Buffalo vs. Nebraska, 9.11

Nebraska defensive lineman Damion Daniels (93) celebrates a tackle for a loss in the second quarter against Buffalo on Sept. 11 at Memorial Stadium.


How the Huskers light up the scoreboard

1. Finish. There’s nothing complicated about it. Nebraska needs touchdowns (and at the very least, points) when it generates scoring chances. Getting in position to score hasn’t been the problem. Finishing drives? It hasn’t been pretty the past two weeks.

2. Hit the big one. NU has shown a better capability of scoring from a long way away this year, and that would certainly help against MSU. Samori Toure and that receiver corps will look to take the top off the Spartan defense.

3. Secret Service. The Huskers have to protect Adrian Martinez. Too often, passing plays are sent into scramble mode before they have a chance to work. As just one example, Martinez had Omar Manning for a potential touchdown and couldn’t get to him because of pressure against Oklahoma.

4. Protect the rock. Nebraska’s only turned the ball over one time in the past two games, while MSU has forced five in its three victories. Can Martinez keep playing turnover-free ball? If he does, the Huskers will have a great chance.

How the Blackshirts shut ’em down

1. Gang up. It’s going to take more than one defender to tackle Kenneth Walker. The Huskers will have to rally to the ball consistently. But they’ve got to do it in a smart way, lest Walker find cutback lanes he likes.

2. A Thorne-y challenge. Payton Thorne hasn’t thrown an interception yet and has largely kept the MSU offense on schedule. The Huskers have to find a way to get to him, whether it's intercepting the ball, pressuring him or just making him uncomfortable.

3. Mind your position. NU’s offense and special teams have done a nice job recently of helping ensure that teams have to drive the length of the field against the Blackshirts. That makes life a lot easier when you’re winning the field position battle.

4. Game of thirds. Nebraska is allowing 42.4% conversions on third downs to its opponents (25 out of 59 chances). Against three FBS teams so far, the rate jumps to 50%. That’ll have to get better going forward for the Huskers to get rolling.

Parker Gabriel delivers the top four interesting things from head football coach Scott Frost's post-practice presser on Thursday, Sept. 23, 2021.

Three numbers to know

50: As it so happens, Nebraska is converting 50% of its own third-down chances (31-of-62) this year, the second-best mark in the Big Ten. Martinez’s ability to run certainly helps that figure.

3: Runs of 30-plus yards for Walker in his first outing against Northwestern. Since then, his longest run is 26 yards. NU will try to keep him from getting loose.

75: The Spartans have hit a 75-yard touchdown on their first play from scrimmage in two of their three games so far. So, yeah, watch that.

Under the radar

Samori Toure

WR | No. 3| Sr.: With all the talk about the weapons that returned to the field last week for Nebraska — receivers Zavier Betts and Omar Manning and tight end Austin Allen and Travis Vokolek — attention shifted away from Toure some. He had a modest day against the Sooners (three catches for 27 yards) but will continue to be a focal point. Perhaps he breaks out again on Saturday.

Damion Daniels

DT | No. 93 | Jr.: Daniels is never going to get a ton of credit for the work he does in the middle of the NU defensive line, but this is his type of game. The junior captain will be aiming to hold the fort in the middle and collapse the amount of space Walker and MSU have to work with.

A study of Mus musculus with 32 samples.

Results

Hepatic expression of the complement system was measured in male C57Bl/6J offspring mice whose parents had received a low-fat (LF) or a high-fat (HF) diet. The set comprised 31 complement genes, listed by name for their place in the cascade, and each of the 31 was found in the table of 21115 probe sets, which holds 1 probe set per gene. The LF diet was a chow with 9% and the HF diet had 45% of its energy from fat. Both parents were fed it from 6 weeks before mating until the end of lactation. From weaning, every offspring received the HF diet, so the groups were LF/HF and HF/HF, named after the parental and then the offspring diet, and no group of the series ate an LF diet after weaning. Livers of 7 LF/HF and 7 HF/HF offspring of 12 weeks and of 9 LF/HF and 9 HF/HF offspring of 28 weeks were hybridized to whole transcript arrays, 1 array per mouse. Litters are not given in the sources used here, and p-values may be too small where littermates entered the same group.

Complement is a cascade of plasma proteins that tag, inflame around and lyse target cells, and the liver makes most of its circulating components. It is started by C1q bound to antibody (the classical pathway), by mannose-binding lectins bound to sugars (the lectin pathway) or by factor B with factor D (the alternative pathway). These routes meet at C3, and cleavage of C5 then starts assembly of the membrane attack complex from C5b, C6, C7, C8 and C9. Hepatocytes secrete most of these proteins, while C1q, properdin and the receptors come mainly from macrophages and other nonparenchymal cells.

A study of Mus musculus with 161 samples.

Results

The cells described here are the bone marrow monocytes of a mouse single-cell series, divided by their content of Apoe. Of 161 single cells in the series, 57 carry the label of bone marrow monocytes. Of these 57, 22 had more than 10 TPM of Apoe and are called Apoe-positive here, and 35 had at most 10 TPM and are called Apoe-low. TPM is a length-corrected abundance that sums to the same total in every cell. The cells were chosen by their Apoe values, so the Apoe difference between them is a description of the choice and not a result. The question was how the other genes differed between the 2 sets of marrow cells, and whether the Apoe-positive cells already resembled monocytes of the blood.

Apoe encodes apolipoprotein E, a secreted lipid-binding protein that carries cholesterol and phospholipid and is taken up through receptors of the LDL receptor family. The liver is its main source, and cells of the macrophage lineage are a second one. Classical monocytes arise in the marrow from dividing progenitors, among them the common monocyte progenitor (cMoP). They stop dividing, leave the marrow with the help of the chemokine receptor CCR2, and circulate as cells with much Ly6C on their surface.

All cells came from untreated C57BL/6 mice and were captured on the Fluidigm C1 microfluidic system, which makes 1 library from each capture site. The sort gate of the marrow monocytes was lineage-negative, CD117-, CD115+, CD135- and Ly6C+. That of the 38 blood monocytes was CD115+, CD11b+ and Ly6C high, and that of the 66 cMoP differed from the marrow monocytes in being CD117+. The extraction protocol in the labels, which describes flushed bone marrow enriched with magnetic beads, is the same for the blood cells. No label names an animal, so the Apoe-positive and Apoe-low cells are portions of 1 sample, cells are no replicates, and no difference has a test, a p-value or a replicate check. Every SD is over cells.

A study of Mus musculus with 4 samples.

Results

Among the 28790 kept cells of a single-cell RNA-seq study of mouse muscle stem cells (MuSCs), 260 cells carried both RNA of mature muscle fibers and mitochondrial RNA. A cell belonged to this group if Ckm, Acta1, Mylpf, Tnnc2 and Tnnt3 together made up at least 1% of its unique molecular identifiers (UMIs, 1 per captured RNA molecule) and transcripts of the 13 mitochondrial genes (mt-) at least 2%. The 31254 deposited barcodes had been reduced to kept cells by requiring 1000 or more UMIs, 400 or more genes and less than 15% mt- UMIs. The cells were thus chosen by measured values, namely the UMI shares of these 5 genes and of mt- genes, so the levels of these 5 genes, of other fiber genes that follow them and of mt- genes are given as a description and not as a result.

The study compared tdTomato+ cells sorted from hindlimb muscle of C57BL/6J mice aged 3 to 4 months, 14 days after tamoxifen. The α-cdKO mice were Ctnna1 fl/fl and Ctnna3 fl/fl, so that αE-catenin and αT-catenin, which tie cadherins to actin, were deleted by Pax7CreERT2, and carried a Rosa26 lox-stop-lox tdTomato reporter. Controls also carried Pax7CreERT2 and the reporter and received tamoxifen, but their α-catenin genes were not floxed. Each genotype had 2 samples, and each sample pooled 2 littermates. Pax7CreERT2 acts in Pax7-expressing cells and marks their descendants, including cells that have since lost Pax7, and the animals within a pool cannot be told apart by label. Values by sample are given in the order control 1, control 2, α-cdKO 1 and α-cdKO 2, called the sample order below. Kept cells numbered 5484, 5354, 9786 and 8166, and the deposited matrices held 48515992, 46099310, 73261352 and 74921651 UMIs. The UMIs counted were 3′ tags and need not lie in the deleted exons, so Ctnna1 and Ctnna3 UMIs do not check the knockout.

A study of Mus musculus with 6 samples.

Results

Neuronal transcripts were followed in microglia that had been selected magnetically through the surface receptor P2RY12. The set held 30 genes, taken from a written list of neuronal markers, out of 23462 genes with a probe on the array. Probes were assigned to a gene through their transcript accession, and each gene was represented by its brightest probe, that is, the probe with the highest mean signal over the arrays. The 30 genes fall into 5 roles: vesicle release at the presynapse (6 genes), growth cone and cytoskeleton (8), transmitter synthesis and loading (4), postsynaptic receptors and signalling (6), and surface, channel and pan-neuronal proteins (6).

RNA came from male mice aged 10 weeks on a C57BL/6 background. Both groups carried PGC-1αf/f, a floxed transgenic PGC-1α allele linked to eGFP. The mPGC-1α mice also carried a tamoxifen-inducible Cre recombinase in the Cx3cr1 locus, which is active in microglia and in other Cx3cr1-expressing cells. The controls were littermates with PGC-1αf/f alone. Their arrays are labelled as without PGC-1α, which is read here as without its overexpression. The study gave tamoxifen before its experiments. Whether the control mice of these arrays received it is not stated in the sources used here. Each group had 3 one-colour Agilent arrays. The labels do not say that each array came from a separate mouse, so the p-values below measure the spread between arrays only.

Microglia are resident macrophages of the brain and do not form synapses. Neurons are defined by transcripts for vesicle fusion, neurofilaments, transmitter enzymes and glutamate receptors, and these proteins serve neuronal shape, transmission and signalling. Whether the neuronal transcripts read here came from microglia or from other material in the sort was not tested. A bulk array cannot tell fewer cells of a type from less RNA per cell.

Parker Gabriel give a two-minute rundown of head football coach Scott Frost's post-practice presser on Thursday, Sept. 23, 2021.

Marquee matchup

MSU running back Kenneth Walker vs. the Nebraska front seven: It’s the showdown everybody is interested in seeing. Walker and a much-improved Spartan offensive front against the veteran Nebraska defense. The Huskers have given up some yards on the ground (4.34 per carry is actually No. 12 in the Big Ten), but they’ve got the ability to be stingy up front. Can they keep Walker down? Or at least from busting the game open?

Biggest mismatch

Clarity among the specialists: Nebraska’s place-kicker, senior Connor Culp, has missed five of his past six field-goal attempts and has also missed two extra points. NU used sophomore punter William Przystup last week and got good results, but could potentially go back to freshman Daniel Cerni, who has been up and down. The Spartans, meanwhile, have one of the best place-kickers in school history in Matt Coughlin, who is actually just 2-of-5 on field goals this season, but he’s among MSU’s career leaders in the department and has made all 118 of his career extra points. Punter Bryce Baringer boomed 14 50-plus-yard punts in 2020 and put 13 punts inside the 20.

Prediction

Nebraska 23, Michigan State 21

Strictly a hunch pick here, and Nebraska has been a little bit difficult to read so far in 2021.

The conventional wisdom would lean toward the Spartans in a close game. They’ve got momentum on their side after hammering Miami in the fourth quarter, whereas Nebraska lost a close one at Oklahoma. They’ve got home-field advantage and they’ve got a better offensive line and more consistent rushing attack.

It’s a big one for both teams, but perhaps slightly more for Nebraska. A win helps build on some progress found against Oklahoma. It keeps NU from dropping to 0-2 in the Big Ten and it would give the program a feeling that it can still get done what it wants to this fall. A loss takes almost all of that away.

Based on nothing much more than a gut feeling, the pick here is that the Huskers find a way to get it done at Spartan Stadium.

Contact the writer at pgabriel@journalstar.com or 402-473-7439. On Twitter @HuskerExtraPG.

This article originally ran on journalstar.com.